1) Remedial work being carried out at Mayflower Primary School in Leicester. Photo by Jacob King/PA Wire

By Sam Blewett, David Hughes and Sophie Wingate, PA Political Staff


Rishi Sunak was under fresh pressure over his role in the concrete crisis after a minister said the former chancellor approved funding for the rebuilding of 50 schools yearly, despite a bid for 200.


Schools minister Nick Gibb suggested on Tuesday that the Prime Minister, when chancellor in 2021, had gone with other priorities over a request to increase funding to fix England’s schools.


The Department for Education (DfE) conceded that just four schools have been rebuilt so far under the programme at the centre of that row.


Mr Gibb insisted the Government’s response to the reinforced autoclaved aerated concrete (Raac) that is causing more than 100 schools to partially or fully shut is “world-leading”.


Education Secretary Gillian Keegan was attending the first Cabinet meeting since the summer break after being caught on camera hitting out at others she argued had “sat on their arse and done nothing”.


The Prime Minister has also been accused of refusing to fully fund a programme to rebuild England’s crumbling schools when he was chancellor by former DfE permanent secretary Jonathan Slater.


The ex-civil servant said that up to 400 schools a year needed to be replaced but that funding was given for 100 after Mr Sunak took the decision to “halve the size of the programme”.


However, Mr Sunak told reporters the attack on his record was “completely and utterly wrong”.


Mr Gibb said he did not recognise the 400 figure but admitted that the DfE asked for funding to overhaul 200 schools a year in 2021 only for Mr Sunak to agree funding for just 50 a year.


“We put in a bid for 200, but what Rishi agreed to was to continue the rebuilding programme with 50 a year, consistent with what we’d been doing since we came into office,” the minister told Sky News.


“Of course we put in a bid for 200, but of course the Treasury then has to compare that with all the other priorities from right across Whitehall, from the health service, defence, and so on.”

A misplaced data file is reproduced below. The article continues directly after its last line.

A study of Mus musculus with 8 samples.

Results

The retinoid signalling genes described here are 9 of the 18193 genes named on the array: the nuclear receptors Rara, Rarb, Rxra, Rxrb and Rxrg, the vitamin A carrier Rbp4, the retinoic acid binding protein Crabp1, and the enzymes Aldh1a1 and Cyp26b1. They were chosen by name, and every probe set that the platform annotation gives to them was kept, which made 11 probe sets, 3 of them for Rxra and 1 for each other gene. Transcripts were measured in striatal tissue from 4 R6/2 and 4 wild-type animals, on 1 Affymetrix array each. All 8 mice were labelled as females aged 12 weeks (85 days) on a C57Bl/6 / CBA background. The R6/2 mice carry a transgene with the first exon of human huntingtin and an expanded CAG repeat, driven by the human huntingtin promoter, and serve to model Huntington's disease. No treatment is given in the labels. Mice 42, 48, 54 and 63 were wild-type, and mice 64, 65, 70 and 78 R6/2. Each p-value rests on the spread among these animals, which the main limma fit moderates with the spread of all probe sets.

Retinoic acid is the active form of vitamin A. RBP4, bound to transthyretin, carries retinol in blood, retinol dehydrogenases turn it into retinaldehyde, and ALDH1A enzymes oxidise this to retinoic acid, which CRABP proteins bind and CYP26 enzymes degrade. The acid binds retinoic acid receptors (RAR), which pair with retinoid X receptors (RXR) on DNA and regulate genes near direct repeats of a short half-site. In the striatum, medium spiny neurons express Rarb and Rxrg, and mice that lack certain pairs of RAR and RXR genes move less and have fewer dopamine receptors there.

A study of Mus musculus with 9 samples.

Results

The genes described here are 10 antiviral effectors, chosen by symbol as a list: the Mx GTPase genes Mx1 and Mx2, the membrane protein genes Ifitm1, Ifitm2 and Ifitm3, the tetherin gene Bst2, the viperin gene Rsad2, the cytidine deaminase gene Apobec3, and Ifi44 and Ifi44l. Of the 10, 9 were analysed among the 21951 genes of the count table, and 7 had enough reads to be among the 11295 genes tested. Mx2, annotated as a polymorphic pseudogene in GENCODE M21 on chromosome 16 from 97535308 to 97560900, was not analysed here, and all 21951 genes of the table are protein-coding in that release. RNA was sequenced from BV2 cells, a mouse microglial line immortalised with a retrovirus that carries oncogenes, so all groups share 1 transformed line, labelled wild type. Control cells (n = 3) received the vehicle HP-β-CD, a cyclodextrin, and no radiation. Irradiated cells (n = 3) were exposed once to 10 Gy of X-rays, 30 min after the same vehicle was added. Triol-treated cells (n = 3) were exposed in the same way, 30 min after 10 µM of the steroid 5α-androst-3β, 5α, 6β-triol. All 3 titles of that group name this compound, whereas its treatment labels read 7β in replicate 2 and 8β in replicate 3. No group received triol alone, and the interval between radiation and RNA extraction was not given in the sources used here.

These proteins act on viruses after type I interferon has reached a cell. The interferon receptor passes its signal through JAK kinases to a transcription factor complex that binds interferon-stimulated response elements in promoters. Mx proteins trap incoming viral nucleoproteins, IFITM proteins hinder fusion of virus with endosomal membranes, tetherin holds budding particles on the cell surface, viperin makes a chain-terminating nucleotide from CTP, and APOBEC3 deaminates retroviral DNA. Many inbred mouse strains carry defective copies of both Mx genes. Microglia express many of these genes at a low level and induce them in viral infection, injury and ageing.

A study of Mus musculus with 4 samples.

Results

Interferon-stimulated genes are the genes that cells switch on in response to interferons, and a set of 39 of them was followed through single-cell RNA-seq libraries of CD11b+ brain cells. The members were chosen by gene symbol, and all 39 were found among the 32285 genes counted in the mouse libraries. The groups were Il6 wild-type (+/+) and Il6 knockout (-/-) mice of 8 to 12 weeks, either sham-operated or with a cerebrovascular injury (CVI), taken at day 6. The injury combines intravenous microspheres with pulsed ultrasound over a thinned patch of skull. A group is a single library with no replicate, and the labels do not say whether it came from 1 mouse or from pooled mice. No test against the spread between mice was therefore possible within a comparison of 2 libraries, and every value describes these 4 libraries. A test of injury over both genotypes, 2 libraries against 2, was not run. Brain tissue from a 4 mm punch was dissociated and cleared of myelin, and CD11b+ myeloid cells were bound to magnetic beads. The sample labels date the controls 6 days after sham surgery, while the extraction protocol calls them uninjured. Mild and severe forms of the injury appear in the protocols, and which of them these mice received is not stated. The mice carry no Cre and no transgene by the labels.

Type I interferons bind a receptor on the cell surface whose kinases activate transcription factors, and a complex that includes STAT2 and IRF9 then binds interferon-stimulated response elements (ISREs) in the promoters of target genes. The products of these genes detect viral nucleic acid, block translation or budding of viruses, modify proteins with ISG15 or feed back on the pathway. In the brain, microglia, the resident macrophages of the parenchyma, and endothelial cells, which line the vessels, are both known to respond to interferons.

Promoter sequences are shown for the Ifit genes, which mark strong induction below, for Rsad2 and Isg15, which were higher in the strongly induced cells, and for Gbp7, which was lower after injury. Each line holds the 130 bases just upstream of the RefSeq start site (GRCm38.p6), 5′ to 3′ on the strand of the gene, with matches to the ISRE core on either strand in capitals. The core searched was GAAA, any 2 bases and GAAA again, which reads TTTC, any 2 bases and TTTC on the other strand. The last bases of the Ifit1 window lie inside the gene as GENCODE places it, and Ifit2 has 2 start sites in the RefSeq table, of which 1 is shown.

The school rebuilding programme has completed four sites so far, the DfE said, but officials expected the pace to pick up by the end of the decade.


A DfE spokeswoman said: “We have committed to rebuilding 500 schools under the schools rebuilding programme between 2020 and 2030 and are on track to deliver that commitment.”


Mr Gibb defended Ms Keegan after she apologised for accidentally expressing her frustration on camera that no one was acknowledging what a “f****** good job” she was doing.


He told BBC Radio 4’s Today programme: “What she was trying to get across is the huge amount of work that the DfE has done.”


“We are world-leading in terms of identifying where Raac is in our school estate.


“We’re talking about a small number of schools out of 22,500 schools, but we have conducted surveys since March last year, so we know where Raac is, and we’re sending in surveyors to identify Raac.”


After apologising for her language, Ms Keegan went on to admit to being on holiday in Spain in the run up to ordering the 104 schools and colleges to make closures.


She was mocked on Tuesday for tweeting a graphic saying “most schools unaffected” by the Raac crisis, with Labour quick to post a spoof saying “most beachgoers not eaten by big shark”, in reference to the stance of the mayor in the movie Jaws.


Ministers have been accused of taking a “sticking plaster approach” to essential maintenance by the head of the Whitehall spending watchdog.


Writing in the Times, National Audit Office chief Gareth Davies suggested that there had not been sufficient focus on “unflashy but essential tasks” such as maintaining public buildings that have faced “underinvestment”.


Mr Gibb said he did not “accept” the charge, telling Sky News: “We’re spending £1.8 billion a year… and we are taking more proactive action on that than any other government in the world.”


Labour leader Sir Keir Starmer said it was “unforgivable” that children were missing the start of term due to the crumbling concrete crisis.


Opening a meeting of his reshuffled shadow cabinet, Sir Keir said: “Children are not at school today because of the action the Government has failed to take in relation to schools. That is unforgivable.


“It is a metaphor, frankly, for their sticking plaster politics: never fixing the fundamentals – always sticking plasters.”